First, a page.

Back in Tokyo to install an exhibition called 105 Chrysanthemums at the Wakayama Museum Media Art Gallery in Ginza curated by Makiko Hara. The new work considers the architecture of dreams and reinterprets a dream my paternal grandmother had a year before she passed away. The dream itself as she remembered it was much like a film, from the moment she set foot onto the veranda of our old childhood home she had witnessed a bright light and the calling of thousands of chrysanthemums. The flower itself has so many symbolic meanings in Japan however, in our Japanese Canadian household and in the garden - this flower is one that has become a beloved 'being' - ones with creaturely shag mop hair-dos, ones with long long fingers. We look forward to the fall season when several species of the chrysanthemum grow out of a mishmash of old pots and containers. Some of these flowers have re-bloomed for over 10 years. The tending and the care of this flower has been passed down 3 generations and is the basis of this new work.
This summer, working alongside Maggie Boyd, I created over 105 porcelain chrysanthemums and 12 small hands. Hands because to the flowers from the dream act as a thing that called my grandmother. Potentially a message - a sign. Whatever it may be. After repeatedly making and folding porcelain pieces into each flower after flower, petal after petal - all I could think about was this was really a field of hands maybe even one large wave. Dusted onto the flower is the dust of chlorite - a stone which attracts itself onto clear quartz to form phantom stones and each flower is wrapped with 'ends' of bunkashishu embroidery threads left behind by my grandmother. Imagining these objects from memory as talismans or objects bearing good wishes and luck, I have paired them beside the natural peach pit stones collected this summer after taking apart an old shack that was attached to this very veranda. These peach pit stones are the hearts of peaches eaten from my childhood in the summers dating back from the 1980's.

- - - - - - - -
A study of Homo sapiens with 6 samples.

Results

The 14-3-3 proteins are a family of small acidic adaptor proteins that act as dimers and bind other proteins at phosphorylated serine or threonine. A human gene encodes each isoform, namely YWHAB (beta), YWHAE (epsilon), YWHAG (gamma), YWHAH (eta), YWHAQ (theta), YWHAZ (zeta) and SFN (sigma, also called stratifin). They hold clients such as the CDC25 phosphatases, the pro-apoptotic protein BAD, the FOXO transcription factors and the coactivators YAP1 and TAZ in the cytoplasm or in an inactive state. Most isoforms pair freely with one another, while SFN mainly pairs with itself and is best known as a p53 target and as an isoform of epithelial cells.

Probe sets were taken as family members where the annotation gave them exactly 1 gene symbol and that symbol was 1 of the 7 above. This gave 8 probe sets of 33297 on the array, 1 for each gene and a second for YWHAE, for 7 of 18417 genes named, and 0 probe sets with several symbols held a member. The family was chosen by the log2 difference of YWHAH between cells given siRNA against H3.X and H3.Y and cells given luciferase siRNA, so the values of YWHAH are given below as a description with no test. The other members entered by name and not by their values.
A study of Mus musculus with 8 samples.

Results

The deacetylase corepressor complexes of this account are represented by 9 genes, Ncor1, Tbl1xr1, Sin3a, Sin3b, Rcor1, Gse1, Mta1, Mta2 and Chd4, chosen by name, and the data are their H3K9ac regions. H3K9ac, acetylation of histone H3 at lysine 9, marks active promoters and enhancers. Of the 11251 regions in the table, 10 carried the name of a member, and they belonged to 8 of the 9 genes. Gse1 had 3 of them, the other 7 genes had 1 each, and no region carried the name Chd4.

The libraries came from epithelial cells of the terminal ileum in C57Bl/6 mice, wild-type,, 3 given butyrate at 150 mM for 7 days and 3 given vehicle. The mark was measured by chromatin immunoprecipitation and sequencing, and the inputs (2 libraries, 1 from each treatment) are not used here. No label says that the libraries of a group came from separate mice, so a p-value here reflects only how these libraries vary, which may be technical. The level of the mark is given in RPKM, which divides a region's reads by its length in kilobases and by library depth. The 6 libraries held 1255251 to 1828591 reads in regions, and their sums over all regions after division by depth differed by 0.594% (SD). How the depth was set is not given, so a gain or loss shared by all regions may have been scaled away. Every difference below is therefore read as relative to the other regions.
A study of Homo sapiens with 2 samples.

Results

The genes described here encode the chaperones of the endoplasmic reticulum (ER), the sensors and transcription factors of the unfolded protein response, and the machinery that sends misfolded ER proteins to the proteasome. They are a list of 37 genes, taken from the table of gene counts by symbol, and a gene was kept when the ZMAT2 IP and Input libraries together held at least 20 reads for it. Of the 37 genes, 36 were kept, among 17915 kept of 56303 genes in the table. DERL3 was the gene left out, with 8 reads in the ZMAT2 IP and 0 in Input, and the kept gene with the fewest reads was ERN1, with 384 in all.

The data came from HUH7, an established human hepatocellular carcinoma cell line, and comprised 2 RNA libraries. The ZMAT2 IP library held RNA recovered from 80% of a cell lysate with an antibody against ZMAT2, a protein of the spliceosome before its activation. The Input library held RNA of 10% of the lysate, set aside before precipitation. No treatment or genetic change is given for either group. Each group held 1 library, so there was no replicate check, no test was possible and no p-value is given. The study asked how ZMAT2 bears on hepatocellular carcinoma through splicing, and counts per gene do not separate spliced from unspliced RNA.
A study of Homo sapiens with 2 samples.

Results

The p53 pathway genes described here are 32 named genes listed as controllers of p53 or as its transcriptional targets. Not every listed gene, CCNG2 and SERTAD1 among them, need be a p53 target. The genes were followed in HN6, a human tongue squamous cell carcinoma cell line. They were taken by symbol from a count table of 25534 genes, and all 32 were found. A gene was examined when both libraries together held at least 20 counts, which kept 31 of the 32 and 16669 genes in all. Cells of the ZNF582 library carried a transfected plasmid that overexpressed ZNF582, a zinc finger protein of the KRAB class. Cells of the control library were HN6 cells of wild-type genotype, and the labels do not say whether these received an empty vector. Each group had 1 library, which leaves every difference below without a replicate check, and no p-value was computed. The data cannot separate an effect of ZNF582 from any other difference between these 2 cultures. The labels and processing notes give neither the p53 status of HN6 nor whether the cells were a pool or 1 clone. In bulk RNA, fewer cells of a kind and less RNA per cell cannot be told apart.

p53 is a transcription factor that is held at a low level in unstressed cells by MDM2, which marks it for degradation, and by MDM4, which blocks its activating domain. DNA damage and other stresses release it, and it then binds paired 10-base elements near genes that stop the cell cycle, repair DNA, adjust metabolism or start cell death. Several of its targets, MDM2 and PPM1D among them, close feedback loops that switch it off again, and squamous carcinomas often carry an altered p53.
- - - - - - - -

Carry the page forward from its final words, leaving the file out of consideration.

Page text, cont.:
Shape-shifting memory, space and also a questioning and exploration of the architecture of homes and gardens recreated by diasporic families, 105 Chrysanthemums, explores everyday life and the representation of the objects we hold onto with great care.
The exhibition opens from September 17 - October 15 with an Artist Talk September 24th with curator Makiko Hara and special guest Naomi Sawada. Also there is a talisman making workshop September 22. If you are in the Tokyo area please check the website for more details.